Pricing Rancharrah: First, find some comparable sales … |

Pricing Rancharrah: First, find some comparable sales …

Rob Sabo

Bryan Drakulich estimates he’s closed more than 3,000 real estate transactions in a career that spans more than three decades.

In that time, though, he’s never sold a property like Rancharrah, the sprawing estate of John Harrah that recently was listed for sale at $33.9 million.

That’s partly because Rancharrah is like no other property. The 117-acre estate features 36,000 square feet of living space, including a 25,000-square-foot mansion and four other residences. It has a 52,000-square-foot climate-controlled indoor horse arena that Drakulich calls, “the finest horse facility of its kind west of Kentucky.”

To determine a value for Rancharrah and other exclusive high-end luxury properties, such as Larry Ellison’s $28.5 million, 9,242-square foot mansion at Glenbrook in Lake Tahoe, real estate professionals often break down every aspect of a property and search wide and far for similar properties from which they can draw comparisons.

Marketing luxury properties also requires careful strategy and positioning since most buyers of real estate costing tens of millions pay in cash — and that’s a relatively small pool.

Drakulich initially spent almost a full working day touring Rancharrah with Harrah, who inherited a part the property from his father, Bill, and later bought out his brother, Tony, and Bill Harrah’s widow, Verna.

Drakulich said the ranch west of Kietzke Lane in south Reno was so large and its amenities so diverse that it took him a few weeks to really get his head around the scope of the proposed sale. Drakulich’s firm, DoMore Real Estate Drakulich Realty, was awarded the listing nearly a year ago and has spent many months determining a value for Rancharrah and its marketing plan.

“I have never been on a property or even seen a property like Rancharrah,” Drakulich says.

Part of the difficulty lay in placing value on Rancharrah. In addition to the amenities, the property has a planned unit development on 95 acres with a 22-acre parcel that’s not part of the development but is part of the ranch. The PUD includes a mix of retail, commercial, medical dental and office and residential use.

Harrah had an appraiser work up a value for the property, and at the same time Drakulich began dissecting Rancharrah and looking at the value each developable parcel might bring.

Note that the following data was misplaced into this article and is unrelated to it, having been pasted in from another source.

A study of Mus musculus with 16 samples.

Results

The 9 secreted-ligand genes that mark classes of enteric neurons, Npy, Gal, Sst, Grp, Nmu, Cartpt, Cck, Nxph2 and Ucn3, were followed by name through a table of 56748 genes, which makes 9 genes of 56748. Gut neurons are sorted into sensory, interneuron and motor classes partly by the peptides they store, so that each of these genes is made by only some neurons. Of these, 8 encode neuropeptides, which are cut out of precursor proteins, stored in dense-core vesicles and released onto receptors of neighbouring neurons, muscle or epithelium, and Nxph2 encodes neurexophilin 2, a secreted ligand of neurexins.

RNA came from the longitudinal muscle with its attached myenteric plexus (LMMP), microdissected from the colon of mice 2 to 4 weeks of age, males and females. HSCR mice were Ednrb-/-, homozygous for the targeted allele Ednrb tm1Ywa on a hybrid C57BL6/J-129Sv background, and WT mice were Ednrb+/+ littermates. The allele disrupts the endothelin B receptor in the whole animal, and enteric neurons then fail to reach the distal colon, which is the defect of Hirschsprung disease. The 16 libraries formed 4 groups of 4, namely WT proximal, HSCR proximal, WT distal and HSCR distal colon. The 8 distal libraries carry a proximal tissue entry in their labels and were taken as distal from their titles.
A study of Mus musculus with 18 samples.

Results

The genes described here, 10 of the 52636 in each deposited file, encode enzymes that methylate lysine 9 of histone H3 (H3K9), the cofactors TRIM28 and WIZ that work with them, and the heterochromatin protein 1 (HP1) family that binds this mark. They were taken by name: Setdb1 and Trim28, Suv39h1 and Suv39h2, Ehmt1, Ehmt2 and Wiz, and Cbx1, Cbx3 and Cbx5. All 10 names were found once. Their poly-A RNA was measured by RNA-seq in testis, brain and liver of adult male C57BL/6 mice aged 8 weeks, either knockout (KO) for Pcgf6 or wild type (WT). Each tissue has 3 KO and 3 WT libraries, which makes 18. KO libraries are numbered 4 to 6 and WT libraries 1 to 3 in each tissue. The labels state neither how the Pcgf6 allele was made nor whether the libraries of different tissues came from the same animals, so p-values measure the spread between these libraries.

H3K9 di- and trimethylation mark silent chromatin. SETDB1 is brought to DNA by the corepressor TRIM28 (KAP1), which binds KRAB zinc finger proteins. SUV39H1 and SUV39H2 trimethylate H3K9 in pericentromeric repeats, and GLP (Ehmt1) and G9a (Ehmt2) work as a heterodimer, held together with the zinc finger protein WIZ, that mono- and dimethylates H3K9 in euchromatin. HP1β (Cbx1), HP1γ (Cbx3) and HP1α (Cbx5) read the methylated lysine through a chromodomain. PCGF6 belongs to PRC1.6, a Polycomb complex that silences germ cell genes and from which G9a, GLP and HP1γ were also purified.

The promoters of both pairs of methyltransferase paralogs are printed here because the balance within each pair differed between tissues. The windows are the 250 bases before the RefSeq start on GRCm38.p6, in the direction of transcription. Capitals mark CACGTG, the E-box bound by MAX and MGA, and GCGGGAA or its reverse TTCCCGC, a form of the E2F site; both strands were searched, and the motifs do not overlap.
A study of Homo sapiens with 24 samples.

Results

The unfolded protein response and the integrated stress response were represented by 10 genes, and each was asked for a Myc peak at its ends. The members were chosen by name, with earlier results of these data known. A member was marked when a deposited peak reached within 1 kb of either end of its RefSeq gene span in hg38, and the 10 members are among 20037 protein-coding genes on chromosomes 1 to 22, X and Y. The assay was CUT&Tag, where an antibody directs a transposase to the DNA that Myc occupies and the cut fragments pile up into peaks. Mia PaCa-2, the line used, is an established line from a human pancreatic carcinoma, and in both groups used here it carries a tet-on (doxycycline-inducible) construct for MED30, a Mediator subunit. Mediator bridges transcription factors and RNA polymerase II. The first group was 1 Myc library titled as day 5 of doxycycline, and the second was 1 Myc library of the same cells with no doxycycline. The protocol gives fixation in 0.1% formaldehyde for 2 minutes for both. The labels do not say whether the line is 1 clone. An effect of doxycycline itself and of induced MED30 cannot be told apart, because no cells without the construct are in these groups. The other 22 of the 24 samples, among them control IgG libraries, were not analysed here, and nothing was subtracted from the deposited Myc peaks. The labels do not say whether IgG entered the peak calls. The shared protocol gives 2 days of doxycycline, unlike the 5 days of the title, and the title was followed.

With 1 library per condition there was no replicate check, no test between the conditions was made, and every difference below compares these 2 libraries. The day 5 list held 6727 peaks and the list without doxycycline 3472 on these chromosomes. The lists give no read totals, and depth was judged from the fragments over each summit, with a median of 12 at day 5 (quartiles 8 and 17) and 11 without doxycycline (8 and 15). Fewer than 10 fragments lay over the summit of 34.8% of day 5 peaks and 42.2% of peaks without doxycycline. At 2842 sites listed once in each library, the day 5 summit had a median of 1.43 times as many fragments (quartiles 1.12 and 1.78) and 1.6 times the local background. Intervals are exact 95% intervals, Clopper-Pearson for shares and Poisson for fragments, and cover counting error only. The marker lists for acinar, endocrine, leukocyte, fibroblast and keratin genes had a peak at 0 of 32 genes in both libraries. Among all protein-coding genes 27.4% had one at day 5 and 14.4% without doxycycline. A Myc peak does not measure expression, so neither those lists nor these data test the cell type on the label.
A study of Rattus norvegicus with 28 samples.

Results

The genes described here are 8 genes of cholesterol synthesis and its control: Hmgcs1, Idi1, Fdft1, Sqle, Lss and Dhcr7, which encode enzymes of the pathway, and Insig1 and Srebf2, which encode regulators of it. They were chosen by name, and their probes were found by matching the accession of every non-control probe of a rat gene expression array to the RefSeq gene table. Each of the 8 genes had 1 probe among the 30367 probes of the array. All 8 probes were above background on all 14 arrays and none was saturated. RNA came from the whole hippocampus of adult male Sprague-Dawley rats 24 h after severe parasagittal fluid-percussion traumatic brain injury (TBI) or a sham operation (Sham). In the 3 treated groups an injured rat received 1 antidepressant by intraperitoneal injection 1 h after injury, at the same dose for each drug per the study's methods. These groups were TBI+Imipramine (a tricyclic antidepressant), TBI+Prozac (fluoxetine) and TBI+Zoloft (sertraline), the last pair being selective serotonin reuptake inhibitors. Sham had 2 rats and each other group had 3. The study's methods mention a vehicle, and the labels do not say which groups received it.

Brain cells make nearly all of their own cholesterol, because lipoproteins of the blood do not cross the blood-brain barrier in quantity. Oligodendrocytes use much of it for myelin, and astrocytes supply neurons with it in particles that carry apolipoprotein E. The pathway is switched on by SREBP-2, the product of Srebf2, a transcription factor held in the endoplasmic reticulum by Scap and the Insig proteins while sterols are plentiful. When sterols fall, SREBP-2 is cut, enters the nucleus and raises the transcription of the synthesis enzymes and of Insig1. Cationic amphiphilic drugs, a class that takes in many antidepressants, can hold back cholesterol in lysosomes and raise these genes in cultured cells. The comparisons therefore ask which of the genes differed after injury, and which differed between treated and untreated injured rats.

“We spent months doing research,” he says. “Our approach was from the planned unit development side. There are 10 different parcels, and some have a higher density of usage than others. We started there and building valuations per parcel, then per house.”

Pricing the horse arena proved especially difficult since there isn’t a comparable facility for hundreds of miles. Drakulich took a building-cost approach and factored in the uniqueness of the building and its location. Finally, Drakulich looked at the 25,000-square-foot mansion and tried to find comparable properties and sales.

It’s a common strategy for valuing high-end properties, says Rebecca Dickson vice president of the luxury division at Dickson Realty. Dickson and Chase International have a large share of the listings and sales in the regional luxury market.

Additionally, says Dickson, real estate agents often tap the expertise of others who work with similar properties. For Reno real estate professionals, looking to Lake Tahoe properties is the first tier of information gathering, she says.

“You have to have a fair amount of experience and have access to other properties that have similar price points,” Dickson says. “When you are evaluating those kinds of properties, that is where experience comes in. We have a deep well of people to call on and so many luxury specialists that we go to a round table and put the pieces together.”

Marketing Rancharrah is much more difficult than simply taking some photos and posting them to the Northern Nevada Regional Multiple Listing Service. Drakulich hired Bighorn Studios of Reno to film a video documentary of the property with professional voice-over, hired a Web designer to create a Web site,, and engaged a public relations firm.

The goal, Drakulich says, was to create a marketing plan that accurately supported and showcased the property and its main selling points.

“There was a lot of thought, time and energy that went into the production and how to best market Rancharrah, and we are not even close to being done,” Drakulich says.

Dickson says for properties as unique as Rancharrah, agents have to do global marketing campaigns. Often, she says, sales come down to networking with luxury agents based in Southern California, New York or Paris who know the pulse of their well-heeled clientele.

Drakulich will spend the next few months lining up tours of the famous property. So far, he’s had interest from groups based in Asia and France, high-end horse lovers drawn to the equestrian facilities, and developers looking at tapping the vast potential of buildable land.

“We appreciate that John gave us this opportunity,” Drakulich says. “We have created some tremendous interest and we are getting national coverage for Rancharrah.”

Norman Blitz began building at the site south of Reno in the 1930s, and Bill Harrah purchased the property in 1957and christened it “Rancharrah.” The property remains a working ranch and training center for cutting horses.